AUSTIN, Texas -- Two American soldiers patrolling along the southern border in Texas were stopped and questioned by a group of Mexican troops who believed they had crossed into Mexico, a U.S. military spokesman said Monday.
The interaction occurred as the Americans were conducting mobile surveillance camera operations at about 2 p.m. April 13 near Clint, Texas, said Maj. Mark Lazane, spokesman for U.S. Northern Command.
The U.S. soldiers were approached and questioned by about five or six Mexican troops, he said. An inquiry by U.S. Customs and Border Protection and the Defense Department revealed the Mexican troops believed the U.S. soldiers has crossed the border into Mexico.
"However, the U.S. soldiers were appropriately in U.S. territory. Though they were south of the border fence, U.S. soldiers remained in U.S. territory, north of the actual border," Lazane said.
After a brief discussion between the soldiers, the Mexican troops left, and the U.S. soldiers contacted Border Patrol agents.
"Throughout the incident, the U.S. soldiers followed all established procedures and protocols," Lazane said.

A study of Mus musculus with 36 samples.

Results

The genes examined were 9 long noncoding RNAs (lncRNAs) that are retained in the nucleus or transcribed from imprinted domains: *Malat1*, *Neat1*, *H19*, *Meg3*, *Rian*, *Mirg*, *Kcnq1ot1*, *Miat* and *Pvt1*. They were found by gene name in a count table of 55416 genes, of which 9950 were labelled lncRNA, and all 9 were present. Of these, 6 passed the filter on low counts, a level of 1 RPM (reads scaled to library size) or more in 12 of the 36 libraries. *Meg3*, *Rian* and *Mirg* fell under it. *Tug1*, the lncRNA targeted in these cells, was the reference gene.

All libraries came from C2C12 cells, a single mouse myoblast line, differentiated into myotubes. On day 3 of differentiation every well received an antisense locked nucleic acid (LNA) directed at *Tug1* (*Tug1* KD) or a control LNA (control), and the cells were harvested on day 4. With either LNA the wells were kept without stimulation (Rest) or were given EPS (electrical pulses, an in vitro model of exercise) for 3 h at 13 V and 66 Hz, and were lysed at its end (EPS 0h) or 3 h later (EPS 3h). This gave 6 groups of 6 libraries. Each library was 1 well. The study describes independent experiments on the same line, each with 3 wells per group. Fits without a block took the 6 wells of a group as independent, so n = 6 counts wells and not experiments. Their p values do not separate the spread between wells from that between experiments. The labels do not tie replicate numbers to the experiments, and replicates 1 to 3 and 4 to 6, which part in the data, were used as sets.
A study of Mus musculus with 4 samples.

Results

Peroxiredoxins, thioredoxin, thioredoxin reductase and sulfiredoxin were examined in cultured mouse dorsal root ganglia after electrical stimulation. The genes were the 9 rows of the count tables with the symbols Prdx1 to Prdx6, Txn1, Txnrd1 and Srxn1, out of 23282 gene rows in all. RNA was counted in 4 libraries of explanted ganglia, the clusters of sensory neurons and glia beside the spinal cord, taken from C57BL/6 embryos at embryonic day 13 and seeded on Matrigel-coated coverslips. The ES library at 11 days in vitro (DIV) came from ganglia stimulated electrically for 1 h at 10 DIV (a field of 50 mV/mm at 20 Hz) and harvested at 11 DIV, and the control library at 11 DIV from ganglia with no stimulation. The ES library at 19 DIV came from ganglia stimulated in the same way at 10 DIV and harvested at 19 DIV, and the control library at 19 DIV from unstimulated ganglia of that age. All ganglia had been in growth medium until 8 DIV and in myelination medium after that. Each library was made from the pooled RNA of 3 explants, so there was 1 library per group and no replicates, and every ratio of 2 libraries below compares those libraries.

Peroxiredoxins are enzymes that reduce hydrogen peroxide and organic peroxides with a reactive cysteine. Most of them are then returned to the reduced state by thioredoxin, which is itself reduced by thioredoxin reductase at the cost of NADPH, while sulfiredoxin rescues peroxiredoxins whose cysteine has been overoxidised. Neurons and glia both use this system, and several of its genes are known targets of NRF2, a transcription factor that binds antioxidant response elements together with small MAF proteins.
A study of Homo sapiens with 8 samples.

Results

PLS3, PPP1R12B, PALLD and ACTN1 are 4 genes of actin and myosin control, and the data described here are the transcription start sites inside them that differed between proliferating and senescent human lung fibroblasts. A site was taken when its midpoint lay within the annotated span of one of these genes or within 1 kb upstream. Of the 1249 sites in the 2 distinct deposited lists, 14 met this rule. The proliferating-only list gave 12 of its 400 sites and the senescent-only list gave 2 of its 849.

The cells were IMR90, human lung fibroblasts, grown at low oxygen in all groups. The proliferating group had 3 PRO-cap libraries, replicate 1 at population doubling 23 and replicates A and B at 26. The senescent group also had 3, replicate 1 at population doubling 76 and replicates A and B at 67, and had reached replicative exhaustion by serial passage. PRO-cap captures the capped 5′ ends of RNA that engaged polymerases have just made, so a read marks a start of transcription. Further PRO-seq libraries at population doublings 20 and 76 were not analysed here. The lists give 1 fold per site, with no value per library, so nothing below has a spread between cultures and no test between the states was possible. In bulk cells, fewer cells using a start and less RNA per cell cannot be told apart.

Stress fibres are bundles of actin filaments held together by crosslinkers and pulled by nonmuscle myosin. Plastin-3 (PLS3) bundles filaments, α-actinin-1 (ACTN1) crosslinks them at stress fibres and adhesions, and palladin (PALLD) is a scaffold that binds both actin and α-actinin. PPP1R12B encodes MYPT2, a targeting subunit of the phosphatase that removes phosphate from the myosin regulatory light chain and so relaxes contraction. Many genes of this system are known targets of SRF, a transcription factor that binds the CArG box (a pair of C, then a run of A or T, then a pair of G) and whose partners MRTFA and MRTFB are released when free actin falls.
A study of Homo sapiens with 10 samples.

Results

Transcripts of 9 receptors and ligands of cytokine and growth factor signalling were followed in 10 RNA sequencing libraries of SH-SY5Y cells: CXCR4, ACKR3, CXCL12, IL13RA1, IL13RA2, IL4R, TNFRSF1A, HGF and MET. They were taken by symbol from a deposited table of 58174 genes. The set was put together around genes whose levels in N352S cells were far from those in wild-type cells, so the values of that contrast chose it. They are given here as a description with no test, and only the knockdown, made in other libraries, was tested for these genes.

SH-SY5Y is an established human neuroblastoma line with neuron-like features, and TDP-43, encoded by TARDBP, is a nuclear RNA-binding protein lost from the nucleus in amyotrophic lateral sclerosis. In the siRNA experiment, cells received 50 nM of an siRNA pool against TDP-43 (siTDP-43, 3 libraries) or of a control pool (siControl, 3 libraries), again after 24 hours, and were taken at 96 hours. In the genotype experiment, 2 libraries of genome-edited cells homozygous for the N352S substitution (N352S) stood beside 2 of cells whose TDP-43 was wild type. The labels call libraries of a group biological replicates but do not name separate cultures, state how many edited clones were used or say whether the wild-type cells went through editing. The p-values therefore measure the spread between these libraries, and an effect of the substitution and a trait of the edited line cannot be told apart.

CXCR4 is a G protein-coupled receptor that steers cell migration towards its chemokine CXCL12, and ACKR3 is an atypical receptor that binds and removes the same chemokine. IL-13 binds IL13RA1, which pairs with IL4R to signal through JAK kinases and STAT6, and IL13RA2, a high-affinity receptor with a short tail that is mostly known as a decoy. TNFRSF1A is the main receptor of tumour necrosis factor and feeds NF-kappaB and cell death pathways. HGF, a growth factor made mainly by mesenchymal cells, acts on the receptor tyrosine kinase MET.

Newsweek obtained a copy of the incident report filed by the soldiers, which offers more details into the brief interaction. The Mexican troops approached the U.S. soldiers with rifles pointed at them, and removed a service pistol from the hip of one soldier and tossed it into an unmarked U.S. Border Patrol vehicle. The private and sergeant involved in the incident were part of 1st Battalion, 37th Field Artillery Regiment, out of Joint Base Lewis-McChord in Washington state, Newsweek reported.
This is the first incident of this kind since active-duty U.S. troops deployed to the border in late October, Lazane said. The two soldiers are part of the roughly 1,200 service members conducting mobile surveillance camera operations, a mission that began earlier this year after acting Defense Secretary Pat Shanahan authorized it in January.
That surveillance mission has resulted in the nearly 4,200 arrests and more than 1,700 drug seizures, April Grant, a spokeswoman for Customs and Border Protection, said April 8.
In total, there are about 2,800 active-duty service members at the U.S.-Mexico border, Lazane said.
Defense Department officials confirmed the incident as they contemplate sending more troops to the border. Shanahan said Friday that he's already begun reviewing options in anticipation of greater need at the border because Border Patrol is corralling record numbers of migrant families from Central America seeking asylum.
Shanahan said he's working with the Joint Staff to find a way to "do more monitoring and detection for them."
The border mission is authorized to continue through September, which is the end of the 2019 fiscal year.